Ebola Horror: Infected Nurse Flew U.S. Airline
CDC tracking down passengers for possible exposure
NEW YORK – Only hours after the Centers for Disease Control reassured the American public the health-care procedures at Texas Health Presbyterian Hospital in Dallas were adequate to contain Ebola, CDC announced a second health-care worker who treated the “index patient,” Thomas Eric Duncan from Liberia, has been diagnosed with the disease.
At an early morning press conference in Dallas, hospital officials admitted they are “learning as they go” as concerns mount nationwide that the CDC may not have fully understood how Ebola is transmitted and that CDC protocols may be inadequate.
CDC, nevertheless, said in an early morning press release Wednesday, “As we have said before, because of our ongoing investigation, it is not unexpected that there would be additional exposures.”
The nurse, however, identified as 29-year-old Amber Jay Vinson, took a flight from Cleveland to Dallas/Fort Worth on Monday, the day before she reported symptoms.
Frontier Airlines said in a statement it was notified by CDC at 1 a.m. Wednesday that a customer on a flight Monday later tested positive for Ebola.
Flight 1143 landed at 8:16 p.m. local time in Dallas-Fort Worth and “remained overnight at the airport having completed its flying for the day at which point the aircraft received a thorough cleaning per our normal procedures which is consistent with CDC guidelines prior to returning to service the next day.”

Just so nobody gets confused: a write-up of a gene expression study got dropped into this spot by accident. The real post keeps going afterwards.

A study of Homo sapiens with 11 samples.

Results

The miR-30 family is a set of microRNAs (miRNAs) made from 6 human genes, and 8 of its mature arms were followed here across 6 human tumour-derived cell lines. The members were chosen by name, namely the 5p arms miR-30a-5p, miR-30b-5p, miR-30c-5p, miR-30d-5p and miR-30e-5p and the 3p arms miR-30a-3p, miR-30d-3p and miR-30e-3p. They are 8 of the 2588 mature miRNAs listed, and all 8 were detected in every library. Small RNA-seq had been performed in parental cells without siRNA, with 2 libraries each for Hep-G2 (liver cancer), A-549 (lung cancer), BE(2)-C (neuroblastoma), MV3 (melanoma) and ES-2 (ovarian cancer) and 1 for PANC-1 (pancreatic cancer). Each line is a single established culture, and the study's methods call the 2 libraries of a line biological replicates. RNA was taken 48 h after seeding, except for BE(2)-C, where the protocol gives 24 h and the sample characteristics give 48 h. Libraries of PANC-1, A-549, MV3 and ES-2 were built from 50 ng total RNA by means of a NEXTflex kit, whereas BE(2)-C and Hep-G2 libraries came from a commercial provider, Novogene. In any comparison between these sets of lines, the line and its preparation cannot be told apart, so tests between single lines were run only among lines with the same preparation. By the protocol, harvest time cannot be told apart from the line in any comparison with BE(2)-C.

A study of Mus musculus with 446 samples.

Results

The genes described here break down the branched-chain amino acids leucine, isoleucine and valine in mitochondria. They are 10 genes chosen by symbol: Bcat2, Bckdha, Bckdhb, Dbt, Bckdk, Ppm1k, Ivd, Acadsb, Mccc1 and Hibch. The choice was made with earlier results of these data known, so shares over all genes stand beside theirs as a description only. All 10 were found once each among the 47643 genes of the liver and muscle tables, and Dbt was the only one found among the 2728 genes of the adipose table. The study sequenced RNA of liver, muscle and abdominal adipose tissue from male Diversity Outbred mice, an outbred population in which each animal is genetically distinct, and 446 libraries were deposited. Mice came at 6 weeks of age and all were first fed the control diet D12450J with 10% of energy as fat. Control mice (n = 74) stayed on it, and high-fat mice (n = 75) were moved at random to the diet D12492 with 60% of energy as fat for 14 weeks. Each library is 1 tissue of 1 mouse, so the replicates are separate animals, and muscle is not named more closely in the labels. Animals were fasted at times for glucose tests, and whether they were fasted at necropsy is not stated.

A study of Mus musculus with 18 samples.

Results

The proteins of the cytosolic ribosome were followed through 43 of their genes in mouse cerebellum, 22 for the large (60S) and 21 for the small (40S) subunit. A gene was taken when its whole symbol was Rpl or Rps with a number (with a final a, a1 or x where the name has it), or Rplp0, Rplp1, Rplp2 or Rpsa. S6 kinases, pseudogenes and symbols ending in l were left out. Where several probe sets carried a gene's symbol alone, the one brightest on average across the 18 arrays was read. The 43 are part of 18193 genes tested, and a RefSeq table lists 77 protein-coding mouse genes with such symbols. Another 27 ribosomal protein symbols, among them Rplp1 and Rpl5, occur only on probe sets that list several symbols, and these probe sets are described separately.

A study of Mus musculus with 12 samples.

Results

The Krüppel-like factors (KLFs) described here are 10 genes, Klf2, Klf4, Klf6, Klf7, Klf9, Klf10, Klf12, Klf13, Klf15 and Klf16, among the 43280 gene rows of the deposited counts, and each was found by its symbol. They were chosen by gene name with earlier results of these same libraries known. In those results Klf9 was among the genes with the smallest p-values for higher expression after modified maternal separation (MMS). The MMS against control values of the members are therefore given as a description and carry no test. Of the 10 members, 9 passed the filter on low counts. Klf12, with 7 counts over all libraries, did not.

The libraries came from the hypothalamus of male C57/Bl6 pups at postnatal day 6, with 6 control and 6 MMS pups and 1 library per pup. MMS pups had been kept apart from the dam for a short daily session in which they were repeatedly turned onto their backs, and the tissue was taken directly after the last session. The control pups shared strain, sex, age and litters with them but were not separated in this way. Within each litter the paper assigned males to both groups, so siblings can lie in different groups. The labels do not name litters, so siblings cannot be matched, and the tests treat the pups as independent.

The airline said the plane also was also cleaned again in Cleveland Tuesday night. Previously the customer had traveled from Dallas Fort Worth to Cleveland on Frontier flight 1142 on Friday.
The CDC said in a statement that because of the proximity in time between the evening flight and first report of illness the following morning, it is asking all 132 passengers on Frontier Airlines flight 1143 Oct. 13 to call 1 800-CDC INFO (1 800 232-4636).
Public health professionals will begin Wednesday afternoon interviewing the passengers about the flight, answering their questions and arranging follow up.
Health officials have interviewed Vinson, who lives alone with no pets, to identify any contacts or potential exposures. Confirmatory testing was being conducted at CDC while decontamination was under way at the patient’s Dallas apartment.
Only yesterday, CDC Director Dr. Thomas Frieden once again insisted to reporters that CDC protocols are sufficient to control the Ebola outbreak in the United States and West Africa, if they are followed precisely 100 percent of the time.